I don’t understand why the NCAA did not cancel the Penn State football program for the foreseeable future (i.e. give it the “death penalty”), perhaps for several decades. That seems like a logical way to move forward after the heinous and disgusting events. Penn State football games should be out of the public eye for a long time.
Instead, the punishment is spiteful, confusing, and Orwellian. Fines, lost scholarships — fine. Forcing the school to vacate wins? What exactly does that entail? The AP ran a Q&A on this issue that does not clarify much. If the school cannot claim the wins in the record books, what about Larry Johnson’s rushing yards or LaVar Arrington’s tackles? Did they still happen?
In thinking of an analogy to NCAA’s punishment tactics — I don’t want to draw a parallel to the horrific acts committed by the coach who does not deserve his name mentioned anywhere — consider this scenario:
A high-school-football running back is caught cheating. The principal investigates, and learns that the student has been cheating since he came to the school, but no teacher ever reported him aside from in-class discipline. In wanting to put this kid in his place, the school hands down the following punishment:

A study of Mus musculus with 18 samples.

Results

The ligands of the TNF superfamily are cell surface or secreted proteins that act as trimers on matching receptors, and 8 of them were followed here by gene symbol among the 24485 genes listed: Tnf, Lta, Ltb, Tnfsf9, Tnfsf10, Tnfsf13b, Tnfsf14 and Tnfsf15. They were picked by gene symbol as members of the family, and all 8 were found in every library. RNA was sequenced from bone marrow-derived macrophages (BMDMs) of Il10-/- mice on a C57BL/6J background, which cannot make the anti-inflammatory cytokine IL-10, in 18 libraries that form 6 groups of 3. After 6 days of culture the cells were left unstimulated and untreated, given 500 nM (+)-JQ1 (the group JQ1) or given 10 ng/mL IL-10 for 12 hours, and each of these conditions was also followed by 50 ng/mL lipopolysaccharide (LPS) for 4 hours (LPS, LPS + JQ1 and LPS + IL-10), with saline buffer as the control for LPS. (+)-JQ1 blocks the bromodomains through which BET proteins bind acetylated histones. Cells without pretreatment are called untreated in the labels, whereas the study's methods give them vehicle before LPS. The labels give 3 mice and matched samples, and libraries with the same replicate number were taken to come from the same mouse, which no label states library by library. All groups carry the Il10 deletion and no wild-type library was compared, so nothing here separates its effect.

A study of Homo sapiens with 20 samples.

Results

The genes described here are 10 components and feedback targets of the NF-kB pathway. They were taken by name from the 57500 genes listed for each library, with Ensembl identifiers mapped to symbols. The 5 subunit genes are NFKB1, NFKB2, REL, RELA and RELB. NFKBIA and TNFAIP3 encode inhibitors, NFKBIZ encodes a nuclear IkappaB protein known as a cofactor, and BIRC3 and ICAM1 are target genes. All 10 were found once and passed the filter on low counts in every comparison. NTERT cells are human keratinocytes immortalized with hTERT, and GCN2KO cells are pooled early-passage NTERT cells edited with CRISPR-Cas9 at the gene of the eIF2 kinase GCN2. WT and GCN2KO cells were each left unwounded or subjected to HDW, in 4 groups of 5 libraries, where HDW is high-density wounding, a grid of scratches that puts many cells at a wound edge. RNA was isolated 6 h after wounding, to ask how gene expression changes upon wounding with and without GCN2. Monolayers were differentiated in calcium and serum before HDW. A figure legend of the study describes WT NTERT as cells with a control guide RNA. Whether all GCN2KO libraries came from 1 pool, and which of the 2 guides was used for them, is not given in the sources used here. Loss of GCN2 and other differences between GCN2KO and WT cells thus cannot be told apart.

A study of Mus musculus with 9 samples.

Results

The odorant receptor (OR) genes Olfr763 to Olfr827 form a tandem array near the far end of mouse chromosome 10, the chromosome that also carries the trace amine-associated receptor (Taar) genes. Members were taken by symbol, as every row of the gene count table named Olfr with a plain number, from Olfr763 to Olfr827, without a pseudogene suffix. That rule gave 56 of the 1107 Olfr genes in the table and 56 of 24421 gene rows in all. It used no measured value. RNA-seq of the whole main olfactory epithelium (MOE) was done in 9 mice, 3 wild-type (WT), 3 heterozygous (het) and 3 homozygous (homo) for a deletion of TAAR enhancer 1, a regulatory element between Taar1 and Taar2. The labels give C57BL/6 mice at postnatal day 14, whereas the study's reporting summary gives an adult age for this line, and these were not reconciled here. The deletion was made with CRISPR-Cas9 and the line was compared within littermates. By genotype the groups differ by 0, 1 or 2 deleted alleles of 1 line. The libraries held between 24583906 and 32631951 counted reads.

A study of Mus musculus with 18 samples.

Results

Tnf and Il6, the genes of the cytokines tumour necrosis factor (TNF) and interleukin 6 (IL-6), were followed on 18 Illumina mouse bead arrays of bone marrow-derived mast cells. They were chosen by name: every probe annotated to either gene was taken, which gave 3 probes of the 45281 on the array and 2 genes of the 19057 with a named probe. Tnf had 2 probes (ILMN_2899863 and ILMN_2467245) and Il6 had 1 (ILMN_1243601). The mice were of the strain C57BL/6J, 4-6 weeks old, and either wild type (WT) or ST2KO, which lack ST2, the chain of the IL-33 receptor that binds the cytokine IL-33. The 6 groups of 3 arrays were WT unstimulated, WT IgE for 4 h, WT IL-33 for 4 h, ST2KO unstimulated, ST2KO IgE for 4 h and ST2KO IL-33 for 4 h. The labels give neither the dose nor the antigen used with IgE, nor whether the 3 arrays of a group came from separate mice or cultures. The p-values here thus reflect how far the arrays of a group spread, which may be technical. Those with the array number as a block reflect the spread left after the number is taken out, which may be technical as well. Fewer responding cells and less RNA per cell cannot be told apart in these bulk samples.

1. He receives detention for the rest of his school career
2. If he wants to graduate, he must retake every class in which he cheated
3. He will still be eligible to play football, but he is not allowed to practice — he will be unprepared for each game
4. All of his past stats are removed from the school’s records, but the results of the games still stand.
Why not kick the guy off the team and expel him from school, but let the statistics stand? Sports is secondary to morality, but bad people can win games. Some athletes enshrined in the various sports halls of fame were not choir boys. O. J. is still is a Heisman Trophy winner.
Scrubbing sports record books sounds like the old Soviet joke — “the future is known; it’s the past that keeps changing.” Penn State needed the hammer dropped, but thanks to the NCAA, we now have a new way to debate the death penalty.